Can I do a 1031 exchange to help my son buy a house?

I want to do a 1031 and give the proceeds to my son so he can buy his second home. We want to do an equity sharing arrangement and he will pay me rent for my portion at the market rate. Will this arrangement be acceptable as a 1031 exchange? 

by G. Scott Haislet, CPA, Esq.

IRC section 1031(a)(1) requires that a taxpayer buy a replacement property that is "held for investment or business."

An equity share arrangement with a child (or other related party under IRC section 267) can be a 1031 replacement property provided the child pays a market rent for the interest (e.g., if market rent for the house is $1,000 and 1031 investor/parent owns 30% interest in the property through the equity share, then child must pay $300 each month).  Absent a rental arrangement, the child's possession of the property (even as a second home) is considered the 1031 taxpayer's personal use of that property, thus voiding the "held for investment" requirement.

The rent should be paid for at least 2 fiscal years starting on date of acquisition.

The arrangement is typically done with child’s principal residence, but also can be done with second home.

The child and parent should have an equity sharing agreement that clearly delineates responsibility for property taxes, insurance, maintenance, etc. The loan payment may be a separate animal. The non-loan payment expenses are divided by the ownership percentage allocation; the loan payment (principal and interest) may be allocated under a different percentage, depending on the agreement between investor/parent and occupant/child.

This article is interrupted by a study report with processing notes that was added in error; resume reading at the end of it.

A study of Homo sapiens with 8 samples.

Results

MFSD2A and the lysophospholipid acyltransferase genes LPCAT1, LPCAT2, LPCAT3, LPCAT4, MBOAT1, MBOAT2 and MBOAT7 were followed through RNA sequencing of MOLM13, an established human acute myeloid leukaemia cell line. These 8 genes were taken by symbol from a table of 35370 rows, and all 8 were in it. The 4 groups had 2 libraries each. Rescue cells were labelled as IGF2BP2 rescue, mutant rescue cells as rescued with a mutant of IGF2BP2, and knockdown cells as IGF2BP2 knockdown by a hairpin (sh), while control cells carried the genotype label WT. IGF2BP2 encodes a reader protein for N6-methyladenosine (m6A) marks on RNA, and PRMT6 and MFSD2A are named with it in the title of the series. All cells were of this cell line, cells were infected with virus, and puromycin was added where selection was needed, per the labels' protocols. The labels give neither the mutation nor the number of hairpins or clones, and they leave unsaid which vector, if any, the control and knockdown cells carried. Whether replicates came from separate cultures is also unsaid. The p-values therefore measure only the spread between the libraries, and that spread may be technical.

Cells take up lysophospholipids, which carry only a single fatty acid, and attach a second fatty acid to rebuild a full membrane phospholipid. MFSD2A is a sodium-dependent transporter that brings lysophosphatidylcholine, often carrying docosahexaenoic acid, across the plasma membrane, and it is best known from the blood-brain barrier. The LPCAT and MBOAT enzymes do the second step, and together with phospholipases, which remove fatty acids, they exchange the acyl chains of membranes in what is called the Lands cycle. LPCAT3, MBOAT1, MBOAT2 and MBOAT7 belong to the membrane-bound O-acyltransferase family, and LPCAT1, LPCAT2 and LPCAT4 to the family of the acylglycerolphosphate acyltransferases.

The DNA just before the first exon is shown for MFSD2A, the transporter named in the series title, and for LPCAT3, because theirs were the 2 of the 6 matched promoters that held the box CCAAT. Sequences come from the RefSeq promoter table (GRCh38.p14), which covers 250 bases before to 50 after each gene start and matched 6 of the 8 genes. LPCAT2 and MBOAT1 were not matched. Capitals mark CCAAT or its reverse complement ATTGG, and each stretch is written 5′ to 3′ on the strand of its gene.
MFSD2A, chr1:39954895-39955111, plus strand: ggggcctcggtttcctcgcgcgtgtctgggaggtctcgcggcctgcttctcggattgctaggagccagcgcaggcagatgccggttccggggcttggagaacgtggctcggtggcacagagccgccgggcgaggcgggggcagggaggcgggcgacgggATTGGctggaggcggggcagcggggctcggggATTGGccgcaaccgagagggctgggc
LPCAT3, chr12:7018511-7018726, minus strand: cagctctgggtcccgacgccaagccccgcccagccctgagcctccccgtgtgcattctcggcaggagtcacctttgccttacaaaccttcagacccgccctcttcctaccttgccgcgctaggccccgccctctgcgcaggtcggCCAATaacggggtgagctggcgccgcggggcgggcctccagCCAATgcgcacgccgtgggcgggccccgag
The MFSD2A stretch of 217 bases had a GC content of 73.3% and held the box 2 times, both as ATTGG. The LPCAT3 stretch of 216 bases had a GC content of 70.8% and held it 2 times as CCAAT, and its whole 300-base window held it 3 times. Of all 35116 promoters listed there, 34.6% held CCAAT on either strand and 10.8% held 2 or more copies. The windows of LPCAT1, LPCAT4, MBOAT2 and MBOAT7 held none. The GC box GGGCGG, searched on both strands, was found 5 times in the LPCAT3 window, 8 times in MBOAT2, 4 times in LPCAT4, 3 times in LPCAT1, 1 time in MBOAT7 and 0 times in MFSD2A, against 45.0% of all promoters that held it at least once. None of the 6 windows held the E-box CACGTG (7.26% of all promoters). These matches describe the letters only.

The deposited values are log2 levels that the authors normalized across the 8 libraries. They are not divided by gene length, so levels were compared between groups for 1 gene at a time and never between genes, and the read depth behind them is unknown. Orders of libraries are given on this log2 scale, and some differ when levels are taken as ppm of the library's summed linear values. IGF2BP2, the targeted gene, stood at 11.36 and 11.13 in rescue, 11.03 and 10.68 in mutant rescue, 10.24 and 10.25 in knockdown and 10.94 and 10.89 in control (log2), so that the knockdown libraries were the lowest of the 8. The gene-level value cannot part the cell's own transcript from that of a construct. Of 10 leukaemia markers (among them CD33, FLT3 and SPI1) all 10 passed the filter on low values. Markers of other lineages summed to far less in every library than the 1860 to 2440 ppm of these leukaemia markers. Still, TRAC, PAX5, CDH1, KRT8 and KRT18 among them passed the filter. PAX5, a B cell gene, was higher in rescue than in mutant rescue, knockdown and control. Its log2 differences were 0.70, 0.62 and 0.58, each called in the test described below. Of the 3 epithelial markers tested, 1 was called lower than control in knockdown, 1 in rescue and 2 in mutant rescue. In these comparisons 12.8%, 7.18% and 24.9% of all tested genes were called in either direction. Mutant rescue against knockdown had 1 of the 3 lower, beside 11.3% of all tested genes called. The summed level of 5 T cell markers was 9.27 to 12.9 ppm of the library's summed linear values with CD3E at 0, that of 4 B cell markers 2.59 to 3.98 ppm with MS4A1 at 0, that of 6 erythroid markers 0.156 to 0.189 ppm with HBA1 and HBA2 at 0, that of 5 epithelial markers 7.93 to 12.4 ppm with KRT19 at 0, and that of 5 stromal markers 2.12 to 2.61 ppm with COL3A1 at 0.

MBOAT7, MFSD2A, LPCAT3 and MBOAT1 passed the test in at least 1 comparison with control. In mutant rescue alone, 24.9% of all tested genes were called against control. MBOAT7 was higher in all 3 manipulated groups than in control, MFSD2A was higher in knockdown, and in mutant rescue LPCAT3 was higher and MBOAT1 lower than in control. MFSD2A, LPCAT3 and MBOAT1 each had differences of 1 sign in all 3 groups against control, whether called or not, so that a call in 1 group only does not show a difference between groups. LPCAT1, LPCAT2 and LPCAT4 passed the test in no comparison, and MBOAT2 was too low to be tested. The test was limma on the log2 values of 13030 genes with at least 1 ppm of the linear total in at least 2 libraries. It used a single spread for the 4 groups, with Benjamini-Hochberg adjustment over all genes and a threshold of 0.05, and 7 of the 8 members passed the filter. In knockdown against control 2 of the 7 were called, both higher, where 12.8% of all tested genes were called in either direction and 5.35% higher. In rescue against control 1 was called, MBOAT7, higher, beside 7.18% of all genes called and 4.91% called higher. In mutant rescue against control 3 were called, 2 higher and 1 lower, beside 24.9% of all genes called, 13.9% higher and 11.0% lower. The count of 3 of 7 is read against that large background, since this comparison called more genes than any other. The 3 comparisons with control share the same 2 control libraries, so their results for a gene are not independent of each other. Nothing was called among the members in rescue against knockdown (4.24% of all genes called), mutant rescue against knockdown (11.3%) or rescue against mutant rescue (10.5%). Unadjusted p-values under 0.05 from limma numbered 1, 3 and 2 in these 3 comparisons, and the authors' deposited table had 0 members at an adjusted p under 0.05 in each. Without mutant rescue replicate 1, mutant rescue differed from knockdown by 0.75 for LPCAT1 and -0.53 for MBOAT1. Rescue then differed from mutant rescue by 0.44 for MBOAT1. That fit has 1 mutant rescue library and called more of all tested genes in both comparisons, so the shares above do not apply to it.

A more thorough discussion is beyond the scope of this note. Bottom line, it can be done. There are a lot of factors to consider, an attorney should prepare  co-ownership agreement and lease.  Additionally a CPA or attorney with 1031 experience should review the proposed transactions to make sure that (1) the 1031 "math" works to avoid taxable gain; and (2) the co-ownership arrangement does not run afoul of the IRC section 280A rules.

If the 1031 investor/parent wants to co-invest with a child into a jointly-held rental or investment property, the rules are somewhat different.  In all cases, counsel should be sought.

G. Scott Haislet, CPA, Esq. is a tax adviser, estate planner and real estate attorney. You can reach him at (925) 283-1031.